At what point do I stop feeling that pit in my stomach, that gnawing sense of dread, when summer ends? Is it me, or was last week officially the longest four-day week in history? Okay, maybe that’s overstating things, but still: I was hurting, in a real back-to-school way, and I’m a grown-ass man. Back behind my desk, staring at the screen. School lunches to be packed. Bills to be paid, rising anxieties to be tamped down, alarm clocks to be set, soggy basements to be dried, soccer and piano schedules to coordinate, times tables to be memorized, reality to be reckoned with and, most crushing of all, vacation officially over. We did a little posting from our trip in August, but in case it didn’t come across: we had fun, and were extremely fortunate to have had it, and were unbelievably bummed to be back. We had so much fun, we kept looking for ways to relive our trip once we were home — inflicting our pictures on polite friends (“hold on, you gotta see the sandwiches we made for that picnic in Place des Vosges”), making epic photo albums, leaving our souvenirs around, in prominent places, to remind us of where we’d been, replaying our favorite moments (walking up the Eiffel Tower, hiking the South Downs, napping on trains, watching a clueless, jet-lagged dad try to pay for a crepe in Paris with a ten dollar bill) with the kids around the dinner table.
If you were to call this a form of denial, you wouldn’t be wrong. Two weeks after coming home, we’re still denying, still holding on. This weekend, in homage to the few days we spent in England on the way home from Paris, we had a fry up — cardiologists and vegetarians, avert your eyes — and kicked off our Sunday with an absurd plate of runny eggs, sausage, bacon, tomatoes, onions, mushrooms, baked beans, and toast. Of all the unhealthy things we ate in England — to name a few: rock cake, apple tart, banoffee pie, Cadbury bars, clotted cream, rose and chocolate eclairs, scones, currant scones, cheese scones, lamb shoulder, beef roasts, fish and chips, Victoria sponge cake, summer pudding, maple pecan ice cream, etc etc etc — none was more bald in its unhealthiness, or more satisfying, than the fry-up. It’s one unapologetic, greasy, bursting plate of deliciousness. We’d like to live long enough to see our kids reach their teenage years, so we’re not making a habit of this, but man (blimey?): the Brits know from breakfast. I love this, particularly with the beans. I love vacation, particularly with the kids. Can it be summer again? — Andy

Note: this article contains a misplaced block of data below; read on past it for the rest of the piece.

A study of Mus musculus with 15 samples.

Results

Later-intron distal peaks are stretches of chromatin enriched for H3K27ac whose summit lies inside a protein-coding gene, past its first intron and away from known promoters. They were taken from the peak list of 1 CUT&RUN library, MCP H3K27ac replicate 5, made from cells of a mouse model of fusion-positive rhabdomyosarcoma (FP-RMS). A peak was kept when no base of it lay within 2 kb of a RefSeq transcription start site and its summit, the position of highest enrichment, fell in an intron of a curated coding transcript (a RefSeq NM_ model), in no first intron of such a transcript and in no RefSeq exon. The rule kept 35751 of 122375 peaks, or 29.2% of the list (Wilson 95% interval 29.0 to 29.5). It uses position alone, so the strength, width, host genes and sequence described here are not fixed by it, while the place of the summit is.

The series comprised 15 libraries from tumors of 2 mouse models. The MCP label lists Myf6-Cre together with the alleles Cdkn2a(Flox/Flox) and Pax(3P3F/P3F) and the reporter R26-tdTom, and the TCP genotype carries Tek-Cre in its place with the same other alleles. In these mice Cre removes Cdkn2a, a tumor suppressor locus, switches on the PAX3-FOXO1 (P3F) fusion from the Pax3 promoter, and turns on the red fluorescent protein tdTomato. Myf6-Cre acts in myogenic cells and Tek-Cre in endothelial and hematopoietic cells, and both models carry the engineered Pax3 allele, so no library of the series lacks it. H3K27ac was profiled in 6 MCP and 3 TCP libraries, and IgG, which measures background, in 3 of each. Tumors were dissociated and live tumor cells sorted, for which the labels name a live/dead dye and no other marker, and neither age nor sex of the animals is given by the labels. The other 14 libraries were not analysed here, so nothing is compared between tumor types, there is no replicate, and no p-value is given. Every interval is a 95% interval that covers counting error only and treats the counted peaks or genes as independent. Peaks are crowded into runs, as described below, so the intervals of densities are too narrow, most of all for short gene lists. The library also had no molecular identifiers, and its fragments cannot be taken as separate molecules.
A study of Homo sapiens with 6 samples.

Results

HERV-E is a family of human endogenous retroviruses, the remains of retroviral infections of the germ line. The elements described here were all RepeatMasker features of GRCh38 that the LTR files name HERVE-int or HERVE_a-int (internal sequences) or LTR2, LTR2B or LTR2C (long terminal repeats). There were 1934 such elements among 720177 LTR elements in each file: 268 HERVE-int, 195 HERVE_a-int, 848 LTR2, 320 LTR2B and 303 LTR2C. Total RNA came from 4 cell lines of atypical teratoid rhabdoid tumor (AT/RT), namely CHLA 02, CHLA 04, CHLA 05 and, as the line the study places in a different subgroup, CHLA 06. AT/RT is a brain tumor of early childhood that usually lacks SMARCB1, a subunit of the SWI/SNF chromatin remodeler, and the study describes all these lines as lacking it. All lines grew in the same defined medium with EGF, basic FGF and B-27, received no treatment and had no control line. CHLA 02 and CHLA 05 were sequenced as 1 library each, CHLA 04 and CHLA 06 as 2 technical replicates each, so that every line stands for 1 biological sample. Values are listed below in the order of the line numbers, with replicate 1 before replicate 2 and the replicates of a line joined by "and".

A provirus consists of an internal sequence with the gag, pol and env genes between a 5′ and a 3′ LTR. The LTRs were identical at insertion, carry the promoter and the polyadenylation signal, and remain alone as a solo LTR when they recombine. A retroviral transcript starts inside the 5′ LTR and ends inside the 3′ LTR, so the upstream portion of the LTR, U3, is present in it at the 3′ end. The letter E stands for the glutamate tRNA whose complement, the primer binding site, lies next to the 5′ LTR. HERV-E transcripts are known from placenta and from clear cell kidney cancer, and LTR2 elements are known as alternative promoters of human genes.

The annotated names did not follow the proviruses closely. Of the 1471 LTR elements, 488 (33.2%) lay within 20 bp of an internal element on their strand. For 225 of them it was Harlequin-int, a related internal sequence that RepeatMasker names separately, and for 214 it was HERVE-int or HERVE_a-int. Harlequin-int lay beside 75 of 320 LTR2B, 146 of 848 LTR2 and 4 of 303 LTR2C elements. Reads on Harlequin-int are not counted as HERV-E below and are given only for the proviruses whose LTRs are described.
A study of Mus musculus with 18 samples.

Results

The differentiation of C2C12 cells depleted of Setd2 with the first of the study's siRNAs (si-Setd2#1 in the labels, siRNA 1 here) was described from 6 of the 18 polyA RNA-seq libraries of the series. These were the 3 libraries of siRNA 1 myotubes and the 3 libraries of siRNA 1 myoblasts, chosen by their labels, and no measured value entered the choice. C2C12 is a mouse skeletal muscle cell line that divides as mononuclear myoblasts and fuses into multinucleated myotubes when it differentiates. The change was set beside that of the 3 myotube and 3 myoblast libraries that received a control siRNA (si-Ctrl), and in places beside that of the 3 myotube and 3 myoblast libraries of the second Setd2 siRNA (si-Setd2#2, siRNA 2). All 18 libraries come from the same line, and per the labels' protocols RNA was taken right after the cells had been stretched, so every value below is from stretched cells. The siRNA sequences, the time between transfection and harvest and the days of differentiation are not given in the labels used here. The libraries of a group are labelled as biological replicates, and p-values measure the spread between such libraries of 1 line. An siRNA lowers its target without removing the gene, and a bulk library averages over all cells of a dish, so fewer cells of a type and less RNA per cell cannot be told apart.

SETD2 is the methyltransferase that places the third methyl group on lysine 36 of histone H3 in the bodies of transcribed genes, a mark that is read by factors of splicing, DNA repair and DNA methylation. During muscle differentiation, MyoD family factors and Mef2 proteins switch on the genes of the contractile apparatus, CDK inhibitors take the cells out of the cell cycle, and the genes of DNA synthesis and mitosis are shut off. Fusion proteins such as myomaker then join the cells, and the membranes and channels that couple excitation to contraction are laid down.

We’re lucky to have friends who live down south and have easy access to serious bacon — Benton’s bacon — two smoky slabs of which arrived in the mail recently, one slab of which (cut nice and thick) went into this fry-up.
Tomatoes, cremini mushrooms, and yellow onions await their drippings.
We’ll spare you the details on how little we like brunch or entertaining in the prime of the day. But if we’re going to do it, this is the way we like it: Nothing fussy, everything tasty.
There’s no real art to this, as far as I can tell, but here’s how I did it: Preheat oven to 350°F. Halve six tomatoes, slice one yellow onion, de-stem a dozen cremini mushrooms, and toss it all into a roasting pan. Drizzle very lightly with olive oil, salt, and freshly ground pepper. Place a cooling rack — the kind you use for cookies — on top of the roasting pan, and place one large coil of sweet sausage (or breakfast sausage if you have it), so that the drippings fall into the pan below as it cooks. Bake for 20 minutes, until sausage is mostly cooked through. Remove pan from the oven, put the sausage down below with the vegetables, place the strips of bacon on top of the cooling rack, and return to the oven. Bake for another 20-25 minutes, allowing the bacon drippings (like I said: best not to think about this too hard) to fall into the pan as it cooks. Remove from oven. In separate pans, warm the baked beans and fry a bunch of eggs, sunny side up. Put everything — except for the beans — on a platter, and top with the eggs. Serve with toast. Buttered toast.